A New Threat in Cyber Warfare
It has been reported that Cyber Force, a Hamas cyber team, coordinated cyberattacks to coincide with Operation Al-Aqsa Flood. Cyber Force was thought to have been largely dismantled by Israeli efforts over the past several years, but it appears the Hamas unit has played a role in the 7 October attacks and subsequent conflict.
In further support of this claim, Pro-Hamas hacktivists have asserted that Cyber Force breached the computer systems at Israel’s Nevatim Air Force Base, exfiltrating sensitive military data. Although this claim is largely unsubstantiated, Hamas’ tactics surrounding 7 October indicate a sophisticated understanding of Israeli military operations and highlighted potential intelligence vulnerabilities. Hackers from both sides are targeting each other’s infrastructure, as the cyber front increasingly has become a key part of military activities.
Additionally, threat actors from several other countries may have been attacking Israeli targets, aiding the Hamas offensive. Reports on these cyberattacks continue to indicate that the targets are varied and strategic, from media to financial services. These incidents have highlighted concerns about global defense readiness and the broader implications for cybersecurity vigilance for Western countries.
Private Sector Concerns
Recent cyberattacks demonstrate that state-sponsored hackers, including those related to Iran, have created advanced malware that can lie essentially undetectable inside a network for months, discovering the networks’ infrastructure and design and seeking repositories of critical data. The malware can then exfiltrate large amounts of data before the attack is detected. These capabilities and tactics represent a significant advancement over prior Iranian state-sponsored malware.
This is a serious problem not just for governments, but also for the private sector. The reason — advanced malware initially used by state-sponsored actors to advance their governments’ agendas frequently ends up in the hands of criminal gangs who use it against private institutions.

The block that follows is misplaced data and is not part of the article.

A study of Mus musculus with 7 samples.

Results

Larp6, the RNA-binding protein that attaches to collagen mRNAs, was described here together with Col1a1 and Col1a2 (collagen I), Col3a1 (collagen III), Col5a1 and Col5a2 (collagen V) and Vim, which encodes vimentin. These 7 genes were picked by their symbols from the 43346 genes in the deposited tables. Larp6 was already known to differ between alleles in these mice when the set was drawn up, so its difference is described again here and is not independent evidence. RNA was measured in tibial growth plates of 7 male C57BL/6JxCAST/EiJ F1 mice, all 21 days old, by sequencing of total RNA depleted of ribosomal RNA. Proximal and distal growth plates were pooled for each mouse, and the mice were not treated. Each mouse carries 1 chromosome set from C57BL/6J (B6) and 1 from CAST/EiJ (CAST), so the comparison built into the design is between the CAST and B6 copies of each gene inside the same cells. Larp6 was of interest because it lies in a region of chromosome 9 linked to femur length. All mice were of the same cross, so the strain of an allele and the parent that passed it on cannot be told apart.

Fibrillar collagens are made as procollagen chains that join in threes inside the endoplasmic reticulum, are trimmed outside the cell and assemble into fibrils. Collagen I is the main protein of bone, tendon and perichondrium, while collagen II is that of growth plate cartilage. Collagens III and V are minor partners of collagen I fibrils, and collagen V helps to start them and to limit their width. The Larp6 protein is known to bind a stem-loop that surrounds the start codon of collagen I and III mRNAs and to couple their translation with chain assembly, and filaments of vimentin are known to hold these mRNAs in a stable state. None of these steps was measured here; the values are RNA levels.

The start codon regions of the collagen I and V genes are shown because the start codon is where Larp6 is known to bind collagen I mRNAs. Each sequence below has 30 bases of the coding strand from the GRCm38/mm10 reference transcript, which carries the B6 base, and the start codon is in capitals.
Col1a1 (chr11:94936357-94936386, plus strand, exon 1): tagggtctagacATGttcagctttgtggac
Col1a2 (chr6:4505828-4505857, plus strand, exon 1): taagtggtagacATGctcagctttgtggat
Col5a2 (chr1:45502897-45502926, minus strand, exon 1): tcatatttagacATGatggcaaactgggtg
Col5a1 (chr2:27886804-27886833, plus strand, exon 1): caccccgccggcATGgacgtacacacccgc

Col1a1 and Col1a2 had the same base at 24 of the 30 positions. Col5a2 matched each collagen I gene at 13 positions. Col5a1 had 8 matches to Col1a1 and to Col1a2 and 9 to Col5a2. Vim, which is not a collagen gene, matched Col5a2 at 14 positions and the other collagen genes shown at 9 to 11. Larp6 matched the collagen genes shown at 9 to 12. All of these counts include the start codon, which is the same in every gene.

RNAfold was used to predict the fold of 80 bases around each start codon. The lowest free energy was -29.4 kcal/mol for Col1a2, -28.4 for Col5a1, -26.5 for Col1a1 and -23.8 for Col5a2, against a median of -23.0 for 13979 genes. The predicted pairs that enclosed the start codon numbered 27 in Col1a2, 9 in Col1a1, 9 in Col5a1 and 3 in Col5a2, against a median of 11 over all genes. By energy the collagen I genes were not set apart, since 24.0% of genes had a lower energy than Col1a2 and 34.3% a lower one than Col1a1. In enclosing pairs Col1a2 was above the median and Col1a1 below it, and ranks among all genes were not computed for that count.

A recent example of this occurred with the MGM Resorts and Caesars Entertainment ransomware attacks (which collectively caused over $100 million in damages). Both casino operators were successfully attacked by “ScatteredSpider,” a lesser-known criminal gang.
Scattered Spider is by all accounts not capable of creating the advanced ransomware it deployed on its own, but instead affiliated itself with the BlackCat/ALPHV ransomware group (a well-known and well-funded criminal enterprise, suspected to have had ties to Russia). This affiliation (a so-called “ransomware as a service,” or RaaS attack) is becoming more common as smaller, less well-funded ransomware gangs continue to seek targets for their malicious activity.
Making matters worse, this advanced malware is fully capable of evading endpoint detection and response defense systems (EDR), which is the type of cyberdefense most commonly deployed by many business organizations, especially SMBs and SMEs, which don’t have the budgets for extensive cyber security infrastructure.
This unfortunate situation was recently spotlighted by the U.S. Cybersecurity and Infrastructure Security Agency (CISA), which issued a warning earlier this year noting that new tactics, techniques, and procedures (TTPs) being employed by cyber criminals allow them to “avoid endpoint detection and response (EDR) products.”
Under these circumstances, effective cyber defense necessitates deploying a comprehensive cybersecurity solution that monitors, collects, and analyzes vital data from network devices and cloud environments, and integrates this with a threat intelligence platform and ongoing network security assessments supported by real-time response from a 24/7/365 security operations center. This is the approach to security that is deployed by large enterprises, with great success.
The Digital Battlefield Continues to Grow
The recent uptick in cyberattacks related to 7 October is not just a temporary risk but the latest escalation in modern cyberwarfare, one that not just Israel, but all nations must reckon with in an increasingly digital battlefield. These attacks appear to be spilling over from military and governmental targets to the private sector. All of us who are engaged in cybersecurity must be focused on these issues and redouble our efforts, because safeguarding the information of the global community transcends issues of intellectual property and financial security; it has become a critical concern with potentially life-and-death implications.